Pharmaceutical companies have received a bad reputation because of the high prices they charge for their medications. The latest demonstration is making the news with Mylan Pharmaceuticals and its outrageous increase in the cost of EpiPens. Mylan Pharmaceuticals has raised the price of the life-saving EpiPen to $608 for a two-pack, which equates to a 500 percent increase in price.
Consumers are upset and rightly so. The pharmaceutical company in the center of the controversy, Mylan Pharmaceutical, makes the EpiPen. The EpiPen is a lifesaving device used to prevent anaphylactic shock in response to an allergic reaction. EpiPen is often used with children who have severe food allergies and individuals with allergic reactions to certain insects. Because the EpiPen is such an important part of saving someone’s life in a crisis situation, it has brought to light the company’s price increase and the monopoly-like control the product has on the market.
Heather Bresch, the CEO of Mylan Pharmaceuticals is taking the heat of the backlash. Increasing the price by 500 percent in less than a decade has triggered an investigation by the House Oversight Committee. The committee has requested that company provide documentation of the 15 different price increases for the EpiPen that have occurred since 2008; however, it has not done so yet.
As the CEO, Ms. Bresch has received almost $19 million in the past year and $54 million over three years, according to a report from CNN. All the while, consumers cannot afford the $608 price tag of the EpiPen. Even though the company has provided $300 coupons to consumers rather than cutting the price, it is still out of the reach of many people who need it.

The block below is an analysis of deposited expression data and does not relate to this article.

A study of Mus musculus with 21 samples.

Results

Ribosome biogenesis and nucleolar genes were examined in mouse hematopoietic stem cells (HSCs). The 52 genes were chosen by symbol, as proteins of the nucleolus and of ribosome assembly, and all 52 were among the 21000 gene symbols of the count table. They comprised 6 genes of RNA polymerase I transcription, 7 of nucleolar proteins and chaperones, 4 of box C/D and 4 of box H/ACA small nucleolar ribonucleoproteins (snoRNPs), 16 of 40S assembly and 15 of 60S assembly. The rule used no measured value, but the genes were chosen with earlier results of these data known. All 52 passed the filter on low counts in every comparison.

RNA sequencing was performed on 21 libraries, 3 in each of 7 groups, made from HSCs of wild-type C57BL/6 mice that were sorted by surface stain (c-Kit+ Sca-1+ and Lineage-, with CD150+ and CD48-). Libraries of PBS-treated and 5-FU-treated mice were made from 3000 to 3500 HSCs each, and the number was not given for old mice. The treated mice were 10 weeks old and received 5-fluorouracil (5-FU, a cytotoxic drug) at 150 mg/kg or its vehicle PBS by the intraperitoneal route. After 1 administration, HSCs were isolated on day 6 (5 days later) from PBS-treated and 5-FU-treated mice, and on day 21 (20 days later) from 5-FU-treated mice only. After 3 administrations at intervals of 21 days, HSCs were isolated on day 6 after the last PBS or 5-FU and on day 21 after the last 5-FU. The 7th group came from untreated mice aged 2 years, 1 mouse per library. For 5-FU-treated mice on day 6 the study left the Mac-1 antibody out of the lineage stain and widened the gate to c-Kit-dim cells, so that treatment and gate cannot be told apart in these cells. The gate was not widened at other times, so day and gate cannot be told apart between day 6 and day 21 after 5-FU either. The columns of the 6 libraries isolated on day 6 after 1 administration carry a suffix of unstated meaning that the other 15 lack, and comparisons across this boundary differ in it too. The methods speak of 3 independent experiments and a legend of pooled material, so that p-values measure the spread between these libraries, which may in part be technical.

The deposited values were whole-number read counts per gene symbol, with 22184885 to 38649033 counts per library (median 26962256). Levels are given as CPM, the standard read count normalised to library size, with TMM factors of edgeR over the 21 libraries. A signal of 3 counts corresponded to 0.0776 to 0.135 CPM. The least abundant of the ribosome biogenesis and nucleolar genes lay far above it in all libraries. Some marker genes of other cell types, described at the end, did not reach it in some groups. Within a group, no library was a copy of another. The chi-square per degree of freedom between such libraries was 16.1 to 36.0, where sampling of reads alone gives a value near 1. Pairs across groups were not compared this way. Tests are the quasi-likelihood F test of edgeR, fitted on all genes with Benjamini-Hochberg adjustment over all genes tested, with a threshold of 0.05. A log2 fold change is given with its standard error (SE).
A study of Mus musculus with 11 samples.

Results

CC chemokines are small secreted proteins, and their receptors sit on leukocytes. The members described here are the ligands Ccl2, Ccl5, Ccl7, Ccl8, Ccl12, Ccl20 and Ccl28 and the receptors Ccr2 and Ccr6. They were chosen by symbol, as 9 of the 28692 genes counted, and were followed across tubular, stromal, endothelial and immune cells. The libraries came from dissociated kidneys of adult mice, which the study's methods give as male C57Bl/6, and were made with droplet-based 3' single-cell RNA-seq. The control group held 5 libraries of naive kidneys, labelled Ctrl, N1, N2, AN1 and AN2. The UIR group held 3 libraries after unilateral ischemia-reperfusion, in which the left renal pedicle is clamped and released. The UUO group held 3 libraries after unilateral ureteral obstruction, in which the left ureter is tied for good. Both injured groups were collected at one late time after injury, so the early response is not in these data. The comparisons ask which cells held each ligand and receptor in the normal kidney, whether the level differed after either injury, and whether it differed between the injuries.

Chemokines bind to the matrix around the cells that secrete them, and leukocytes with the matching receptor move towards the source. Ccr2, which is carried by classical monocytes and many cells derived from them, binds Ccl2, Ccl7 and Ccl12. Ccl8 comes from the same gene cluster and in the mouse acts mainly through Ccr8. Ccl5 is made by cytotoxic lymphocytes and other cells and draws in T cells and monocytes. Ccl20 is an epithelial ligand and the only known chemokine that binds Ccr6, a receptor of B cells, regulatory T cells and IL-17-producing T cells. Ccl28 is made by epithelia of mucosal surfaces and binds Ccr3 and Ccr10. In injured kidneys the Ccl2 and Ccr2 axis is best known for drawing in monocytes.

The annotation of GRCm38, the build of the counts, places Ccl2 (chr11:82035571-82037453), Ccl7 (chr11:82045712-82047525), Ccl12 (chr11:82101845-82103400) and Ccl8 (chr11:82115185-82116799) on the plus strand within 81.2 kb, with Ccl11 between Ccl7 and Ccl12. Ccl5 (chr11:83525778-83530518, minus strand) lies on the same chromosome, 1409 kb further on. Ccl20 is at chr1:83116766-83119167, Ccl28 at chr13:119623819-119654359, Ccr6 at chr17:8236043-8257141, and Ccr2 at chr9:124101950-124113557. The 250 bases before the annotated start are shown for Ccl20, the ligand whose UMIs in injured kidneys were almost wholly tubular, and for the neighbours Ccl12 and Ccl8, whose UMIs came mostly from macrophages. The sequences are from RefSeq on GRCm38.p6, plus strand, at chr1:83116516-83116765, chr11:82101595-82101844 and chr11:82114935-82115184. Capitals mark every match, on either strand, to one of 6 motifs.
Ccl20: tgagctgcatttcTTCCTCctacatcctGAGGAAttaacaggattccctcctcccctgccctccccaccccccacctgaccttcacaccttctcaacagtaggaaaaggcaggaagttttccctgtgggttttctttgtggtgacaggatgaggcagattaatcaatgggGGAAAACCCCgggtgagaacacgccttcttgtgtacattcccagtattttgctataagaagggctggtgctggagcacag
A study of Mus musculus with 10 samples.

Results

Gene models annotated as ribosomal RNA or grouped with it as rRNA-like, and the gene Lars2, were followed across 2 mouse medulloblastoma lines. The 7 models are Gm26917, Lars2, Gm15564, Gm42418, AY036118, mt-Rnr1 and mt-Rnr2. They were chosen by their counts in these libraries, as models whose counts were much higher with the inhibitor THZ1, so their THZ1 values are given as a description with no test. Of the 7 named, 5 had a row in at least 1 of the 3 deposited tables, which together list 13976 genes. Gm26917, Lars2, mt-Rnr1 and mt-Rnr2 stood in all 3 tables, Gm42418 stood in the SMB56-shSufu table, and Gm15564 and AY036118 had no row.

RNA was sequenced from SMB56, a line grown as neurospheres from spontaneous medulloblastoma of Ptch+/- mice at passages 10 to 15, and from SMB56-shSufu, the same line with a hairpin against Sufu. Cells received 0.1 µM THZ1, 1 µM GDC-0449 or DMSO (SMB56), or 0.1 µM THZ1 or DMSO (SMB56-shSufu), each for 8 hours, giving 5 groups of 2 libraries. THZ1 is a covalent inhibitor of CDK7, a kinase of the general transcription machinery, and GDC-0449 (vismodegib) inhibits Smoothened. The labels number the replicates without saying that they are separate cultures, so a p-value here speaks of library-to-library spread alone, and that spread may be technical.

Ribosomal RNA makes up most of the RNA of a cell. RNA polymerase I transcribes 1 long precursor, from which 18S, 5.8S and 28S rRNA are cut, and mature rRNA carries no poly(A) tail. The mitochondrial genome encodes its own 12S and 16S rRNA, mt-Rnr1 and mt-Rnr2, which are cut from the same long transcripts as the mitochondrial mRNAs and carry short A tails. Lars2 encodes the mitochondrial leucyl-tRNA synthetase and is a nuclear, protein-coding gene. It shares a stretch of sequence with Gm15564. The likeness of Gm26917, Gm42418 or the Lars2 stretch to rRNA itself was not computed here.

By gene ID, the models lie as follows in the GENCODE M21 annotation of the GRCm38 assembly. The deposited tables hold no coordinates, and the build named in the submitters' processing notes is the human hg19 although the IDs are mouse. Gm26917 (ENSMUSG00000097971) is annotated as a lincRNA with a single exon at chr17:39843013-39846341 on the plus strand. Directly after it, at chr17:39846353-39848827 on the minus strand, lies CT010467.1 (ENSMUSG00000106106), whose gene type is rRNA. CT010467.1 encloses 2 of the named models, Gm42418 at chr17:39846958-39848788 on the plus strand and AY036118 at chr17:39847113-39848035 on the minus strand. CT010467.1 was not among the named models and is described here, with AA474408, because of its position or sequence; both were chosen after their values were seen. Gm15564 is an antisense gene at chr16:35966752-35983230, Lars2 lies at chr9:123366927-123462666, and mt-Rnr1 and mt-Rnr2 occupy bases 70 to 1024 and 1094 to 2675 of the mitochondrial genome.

While Bresch has stated that it is the supply chain for healthcare that caused the need for the price increase, the profit margin for the product went from nine percent to 55 percent by 2014. Mylan Pharmaceuticals is not the only company engaging in price gouging. They are just one example of how medicine has become big business.
Defending Mylan Pharmaceuticals price increase is another pharmaceutical CEO who has earned a negative reputation, Martin Shkreli. Shkreli raised the price of an AIDS medication a jaw-dropping 5,000 percent in a single day. The pill went from $13.50 up to $750. He now defends Bresch and her company in their price increase for the EpiPen.
A Bigger Problem
The EpiPen has brought attention to a growing problem involving pharmaceutical companies. Many times, they offer the only product to treat a condition. As they raise their prices, patients with high deductibles can no longer afford the life-saving treatment they need.
At the same time, these same products command a much lower price in other countries. The broken system in the United States is causing consumers to suffer from the lack of much-needed medicine because they can no longer afford the ridiculous cost. The greed of these companies continues to result in high drug prices with no end in sight for consumers.
Defective Drug Attorneys in Louisiana
The greed of pharmaceutical companies is not only limited to charging high prices for drugs. Many companies rush drugs to market without proper testing while other companies hide test results in order to sell drugs. The defective drug attorneys of The Olinde Firm represent clients in Louisiana and throughout the United States who have been injured by dangerous drugs. If a company is negligent, it should be held accountable if a dangerous drug injures someone.
Contact our office at (504) 587-1440 or 1-800-587-1889 to schedule a free legal consultation with a defective drug attorney to learn more about how we can help you recover compensation for your injuries.